WASHINGTON, April 20 (UPI) — After months of lobbying and debate, anti-slavery campaigner Harriet Tubman will replace former President Andrew Jackson on the $20 bill.
Alexander Hamilton is to stay on the front of the $10 bill, Treasury Secretary Jacob Lew is expected to announce Wednesday, sources told Politico.
But there will be changes to the back of the bill, which will now feature leaders of the movement to give women the right to vote.
Tubman won a poll organized last year by the Women on 20s campaign, which attracted more than 600,000 voters. She beat the likes of first lady Eleanor Roosevelt, civil rights activist Rosa Parks and Cherokee Nation leader Wilma Mankiller.
The group was trying to get a prominent woman on the bill by 2020, to coincide with the 100th anniversary of the 19th Amendment which gave women the right to vote.
Critics of Jackson said that he didn’t belong on U.S. currency because of his vigorous advocacy of the Indian Removal Act. This purged tribes from the South and into Oklahoma in what became the devastating Trail of Tears that killed large segments of tribes being forced to relocate. Jackson also loathed paper money and the central banking system.
There will also be changes to the $5 bill, which will now depict other leaders from the civil rights era.
Lew’s decision comes after he announced last summer that he was considering replacing Hamilton with a woman. It provoked fierce opposition from from fans of Hamilton, who helped to create the Treasury Department and the modern American financial system.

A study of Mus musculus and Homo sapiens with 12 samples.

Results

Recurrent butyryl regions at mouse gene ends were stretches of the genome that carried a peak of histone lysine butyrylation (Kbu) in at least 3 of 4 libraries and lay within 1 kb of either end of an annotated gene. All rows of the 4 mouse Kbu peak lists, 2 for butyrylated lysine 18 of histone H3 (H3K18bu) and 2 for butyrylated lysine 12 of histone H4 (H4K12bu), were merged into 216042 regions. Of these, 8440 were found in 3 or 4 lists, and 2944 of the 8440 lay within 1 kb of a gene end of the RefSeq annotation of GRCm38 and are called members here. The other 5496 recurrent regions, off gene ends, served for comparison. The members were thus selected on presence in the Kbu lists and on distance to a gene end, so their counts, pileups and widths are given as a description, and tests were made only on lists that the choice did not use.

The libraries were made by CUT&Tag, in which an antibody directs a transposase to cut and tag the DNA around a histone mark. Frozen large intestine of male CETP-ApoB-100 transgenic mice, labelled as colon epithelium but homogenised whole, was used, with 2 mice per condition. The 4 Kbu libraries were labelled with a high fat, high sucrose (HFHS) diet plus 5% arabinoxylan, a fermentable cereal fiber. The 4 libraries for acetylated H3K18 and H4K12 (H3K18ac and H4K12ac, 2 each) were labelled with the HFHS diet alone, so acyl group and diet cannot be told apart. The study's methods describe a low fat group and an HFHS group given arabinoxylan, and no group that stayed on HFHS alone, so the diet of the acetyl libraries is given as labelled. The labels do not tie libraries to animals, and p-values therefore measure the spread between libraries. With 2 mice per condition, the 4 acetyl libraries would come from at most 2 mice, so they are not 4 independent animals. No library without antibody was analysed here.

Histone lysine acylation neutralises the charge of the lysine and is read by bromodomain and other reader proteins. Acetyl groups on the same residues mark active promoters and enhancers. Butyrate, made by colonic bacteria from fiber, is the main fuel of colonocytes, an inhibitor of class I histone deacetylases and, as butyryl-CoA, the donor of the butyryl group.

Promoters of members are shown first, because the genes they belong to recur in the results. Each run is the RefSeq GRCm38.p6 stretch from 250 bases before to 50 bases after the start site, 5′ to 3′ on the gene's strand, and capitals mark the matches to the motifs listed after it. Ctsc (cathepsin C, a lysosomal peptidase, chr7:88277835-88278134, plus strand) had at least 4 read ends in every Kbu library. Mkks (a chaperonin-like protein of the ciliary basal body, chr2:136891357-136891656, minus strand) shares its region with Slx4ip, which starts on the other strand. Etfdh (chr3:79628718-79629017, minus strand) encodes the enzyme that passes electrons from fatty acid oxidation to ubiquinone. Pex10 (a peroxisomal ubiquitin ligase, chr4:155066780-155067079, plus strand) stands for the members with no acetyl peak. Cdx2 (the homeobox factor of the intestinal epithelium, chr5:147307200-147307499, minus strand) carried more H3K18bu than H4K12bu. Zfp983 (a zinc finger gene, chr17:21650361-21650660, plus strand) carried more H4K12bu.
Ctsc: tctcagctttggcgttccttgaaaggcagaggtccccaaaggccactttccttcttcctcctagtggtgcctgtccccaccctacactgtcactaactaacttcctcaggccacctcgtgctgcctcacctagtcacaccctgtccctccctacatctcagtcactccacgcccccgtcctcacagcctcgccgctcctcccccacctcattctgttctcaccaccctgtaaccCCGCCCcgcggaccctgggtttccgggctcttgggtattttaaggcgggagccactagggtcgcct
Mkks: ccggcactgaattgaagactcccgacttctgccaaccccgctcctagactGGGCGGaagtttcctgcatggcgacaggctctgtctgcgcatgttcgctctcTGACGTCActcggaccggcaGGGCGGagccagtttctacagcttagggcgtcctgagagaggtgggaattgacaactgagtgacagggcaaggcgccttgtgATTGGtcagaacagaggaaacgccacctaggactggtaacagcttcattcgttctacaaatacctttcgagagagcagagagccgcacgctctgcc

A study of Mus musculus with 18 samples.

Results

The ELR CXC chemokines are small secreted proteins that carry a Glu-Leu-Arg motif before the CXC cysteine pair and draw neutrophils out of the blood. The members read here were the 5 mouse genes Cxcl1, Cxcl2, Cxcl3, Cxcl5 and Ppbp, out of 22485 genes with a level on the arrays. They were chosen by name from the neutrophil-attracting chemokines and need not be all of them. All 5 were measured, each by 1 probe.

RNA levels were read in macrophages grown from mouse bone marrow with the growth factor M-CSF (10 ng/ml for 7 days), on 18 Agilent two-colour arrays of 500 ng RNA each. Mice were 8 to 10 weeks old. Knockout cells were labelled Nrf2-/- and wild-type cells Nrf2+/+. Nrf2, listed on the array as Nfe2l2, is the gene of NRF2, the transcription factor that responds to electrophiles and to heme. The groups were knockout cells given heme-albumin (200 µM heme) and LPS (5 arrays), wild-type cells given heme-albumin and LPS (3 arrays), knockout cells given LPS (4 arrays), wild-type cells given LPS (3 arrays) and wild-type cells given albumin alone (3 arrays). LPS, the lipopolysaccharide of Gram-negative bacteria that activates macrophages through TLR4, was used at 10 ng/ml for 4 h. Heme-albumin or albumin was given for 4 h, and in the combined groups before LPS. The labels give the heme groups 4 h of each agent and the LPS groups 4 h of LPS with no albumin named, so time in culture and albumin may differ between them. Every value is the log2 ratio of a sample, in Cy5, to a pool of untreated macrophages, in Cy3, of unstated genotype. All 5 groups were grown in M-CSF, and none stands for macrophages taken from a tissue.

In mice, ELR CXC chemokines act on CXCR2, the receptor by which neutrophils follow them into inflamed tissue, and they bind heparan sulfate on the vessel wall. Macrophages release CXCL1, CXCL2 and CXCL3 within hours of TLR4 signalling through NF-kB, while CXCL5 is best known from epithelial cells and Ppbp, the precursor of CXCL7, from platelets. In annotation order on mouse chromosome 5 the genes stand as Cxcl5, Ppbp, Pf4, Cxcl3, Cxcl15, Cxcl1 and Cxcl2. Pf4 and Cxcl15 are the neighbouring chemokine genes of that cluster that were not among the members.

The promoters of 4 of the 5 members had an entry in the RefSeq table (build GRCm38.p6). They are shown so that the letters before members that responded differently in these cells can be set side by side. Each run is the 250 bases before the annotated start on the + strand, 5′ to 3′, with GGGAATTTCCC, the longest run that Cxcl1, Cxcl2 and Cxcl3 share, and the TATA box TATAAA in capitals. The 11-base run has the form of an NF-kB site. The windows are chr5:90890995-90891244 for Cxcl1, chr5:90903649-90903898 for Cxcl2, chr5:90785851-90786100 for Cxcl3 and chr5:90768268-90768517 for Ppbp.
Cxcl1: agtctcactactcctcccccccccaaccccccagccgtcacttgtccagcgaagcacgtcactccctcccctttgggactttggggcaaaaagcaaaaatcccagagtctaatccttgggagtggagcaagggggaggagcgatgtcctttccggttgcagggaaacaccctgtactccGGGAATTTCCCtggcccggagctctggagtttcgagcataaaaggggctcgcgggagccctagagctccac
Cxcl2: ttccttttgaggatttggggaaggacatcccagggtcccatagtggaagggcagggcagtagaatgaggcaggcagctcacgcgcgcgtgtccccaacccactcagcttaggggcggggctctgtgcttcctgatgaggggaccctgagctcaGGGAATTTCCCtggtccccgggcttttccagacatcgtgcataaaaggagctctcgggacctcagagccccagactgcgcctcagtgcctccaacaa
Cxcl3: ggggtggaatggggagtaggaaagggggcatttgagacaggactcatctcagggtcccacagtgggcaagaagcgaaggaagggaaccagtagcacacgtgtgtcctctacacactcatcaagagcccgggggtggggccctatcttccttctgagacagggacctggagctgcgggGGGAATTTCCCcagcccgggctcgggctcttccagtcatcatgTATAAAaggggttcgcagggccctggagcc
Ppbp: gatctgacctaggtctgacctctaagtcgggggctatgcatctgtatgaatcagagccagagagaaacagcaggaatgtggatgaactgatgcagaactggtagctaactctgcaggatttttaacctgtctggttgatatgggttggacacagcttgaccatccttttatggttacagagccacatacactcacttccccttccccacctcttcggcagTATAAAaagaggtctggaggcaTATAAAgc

The news comes just weeks after Lew met with Lin-Manuel Miranda, star of the Broadway show Hamilton about keeping the ex-president and founding father on the $10 bill.
Lew told reporters last year that it was “personally very important” for him that Hamilton still be included on the bill.
“America’s currency is a way for our nation to make a statement about who we are and what we stand for,” Lew said. “Our paper bills — and the images of great American leaders and symbols they depict — have long been a way for us to honor our past and express our values.
“We have only made changes to the faces on our currency a few times since bills were first put into circulation, and I’m proud that the new 10 will be the first bill in more than a century to feature the portrait of a woman.”